It's usually a struggle for a new hedge fund to get big investors, but Toronto's Breton Hill Capital solved that problem in style by attracting a seed investment from one of the biggest of them all.
The fund convinced the huge California Public Employees' Retirement System, the largest pension money manager in the U.S., to invest $100-million (U.S.) in the Breton Hill Eureka Fund. It's a coup for the firm, and for Toronto's reputation as a centre of smart alternative asset management, because it's the first such seed investment by Calpers, according to the pension fund.
Breton Hill, like all new funds, had to surmount obstacles that usually make it tough for startups to convince large investors to write big cheques.
Given the events of recent years, the bar for startups is steadily rising, with more stringent demands for such things as a strong and active board of directors.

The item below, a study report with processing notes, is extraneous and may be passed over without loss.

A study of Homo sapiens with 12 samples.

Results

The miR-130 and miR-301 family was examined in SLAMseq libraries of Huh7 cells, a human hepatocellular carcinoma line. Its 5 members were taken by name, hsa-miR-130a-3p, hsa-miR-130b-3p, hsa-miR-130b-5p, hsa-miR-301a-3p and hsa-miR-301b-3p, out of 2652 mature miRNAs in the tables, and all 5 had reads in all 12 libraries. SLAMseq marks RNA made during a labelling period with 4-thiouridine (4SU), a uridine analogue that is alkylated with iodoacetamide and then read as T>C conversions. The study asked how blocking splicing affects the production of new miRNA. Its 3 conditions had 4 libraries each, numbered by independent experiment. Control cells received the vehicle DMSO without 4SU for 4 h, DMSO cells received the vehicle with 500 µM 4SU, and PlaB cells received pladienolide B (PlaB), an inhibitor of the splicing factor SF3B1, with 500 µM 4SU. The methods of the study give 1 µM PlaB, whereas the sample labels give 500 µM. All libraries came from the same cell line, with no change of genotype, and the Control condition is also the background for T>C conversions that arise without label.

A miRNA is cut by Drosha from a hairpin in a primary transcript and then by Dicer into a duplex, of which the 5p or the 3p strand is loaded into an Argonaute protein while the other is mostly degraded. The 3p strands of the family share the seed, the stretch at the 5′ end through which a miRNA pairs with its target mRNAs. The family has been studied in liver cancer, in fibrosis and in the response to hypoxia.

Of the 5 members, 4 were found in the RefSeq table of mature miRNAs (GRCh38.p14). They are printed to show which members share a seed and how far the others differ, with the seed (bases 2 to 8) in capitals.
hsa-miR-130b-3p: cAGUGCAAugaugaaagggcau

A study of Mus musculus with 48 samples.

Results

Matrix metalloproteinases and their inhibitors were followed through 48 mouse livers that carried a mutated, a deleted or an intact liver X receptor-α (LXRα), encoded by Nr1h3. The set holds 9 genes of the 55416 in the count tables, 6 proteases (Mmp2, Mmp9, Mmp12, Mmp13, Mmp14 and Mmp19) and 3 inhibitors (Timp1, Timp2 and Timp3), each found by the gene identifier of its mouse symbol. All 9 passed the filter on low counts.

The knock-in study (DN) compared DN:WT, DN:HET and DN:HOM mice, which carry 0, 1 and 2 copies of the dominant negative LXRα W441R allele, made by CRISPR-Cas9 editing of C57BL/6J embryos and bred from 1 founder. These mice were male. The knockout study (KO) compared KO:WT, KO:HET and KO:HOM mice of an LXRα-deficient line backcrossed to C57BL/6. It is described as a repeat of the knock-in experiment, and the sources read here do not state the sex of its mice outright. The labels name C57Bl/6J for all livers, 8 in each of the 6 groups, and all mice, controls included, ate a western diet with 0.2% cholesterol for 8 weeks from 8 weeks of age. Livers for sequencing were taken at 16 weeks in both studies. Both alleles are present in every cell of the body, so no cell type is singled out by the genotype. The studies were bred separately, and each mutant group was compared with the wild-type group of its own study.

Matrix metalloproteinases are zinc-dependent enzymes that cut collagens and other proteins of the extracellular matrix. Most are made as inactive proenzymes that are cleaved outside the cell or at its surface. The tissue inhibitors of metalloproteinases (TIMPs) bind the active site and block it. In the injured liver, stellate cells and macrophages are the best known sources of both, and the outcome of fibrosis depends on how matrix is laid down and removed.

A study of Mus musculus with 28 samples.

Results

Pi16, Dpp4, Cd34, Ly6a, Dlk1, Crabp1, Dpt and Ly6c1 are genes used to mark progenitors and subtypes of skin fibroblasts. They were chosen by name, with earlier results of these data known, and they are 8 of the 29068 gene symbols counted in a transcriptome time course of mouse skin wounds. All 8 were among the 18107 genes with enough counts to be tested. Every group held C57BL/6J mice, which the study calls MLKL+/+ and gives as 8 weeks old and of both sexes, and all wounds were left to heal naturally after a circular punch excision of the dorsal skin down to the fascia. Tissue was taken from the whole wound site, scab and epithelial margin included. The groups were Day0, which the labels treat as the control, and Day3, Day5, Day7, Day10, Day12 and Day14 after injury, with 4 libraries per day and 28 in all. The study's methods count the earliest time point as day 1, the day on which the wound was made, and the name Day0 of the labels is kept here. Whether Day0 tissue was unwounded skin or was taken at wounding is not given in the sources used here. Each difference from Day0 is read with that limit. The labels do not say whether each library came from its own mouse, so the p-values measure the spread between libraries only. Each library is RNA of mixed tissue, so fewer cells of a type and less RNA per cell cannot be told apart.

Startup funds have to prove they have a track record, and that they have the systems in place to handle large amounts of money. Such question are hard to answer if you aren't already running a significant amount of money. It becomes a chicken and egg problem.
Breton Hill's chief investment officer, Ray Carroll, and the firm's team have the track record to answer both those questions. And Calpers, although it has never seeded a hedge fund before, had the sophistication to ensure it got the answers it needed.
Mr. Carroll ran a multi-strategy hedge fund business inside Toronto-based fund of funds company Diversified Global Asset Management, which oversees assets of about $5.5-billion. He also helped run the firm's alternative strategies business, and sat on the firm's management committee.
The Breton Hill team left DGAM in 2010, and had a year to get the firm up and running with the systems that investors demand before handing over cash.
At Breton Hill, according to Calpers (Mr. Carroll is laying low), the strategy is a macro one. The firm seeks momentum in a range of assets such as equities, commodity and financial futures, and currencies.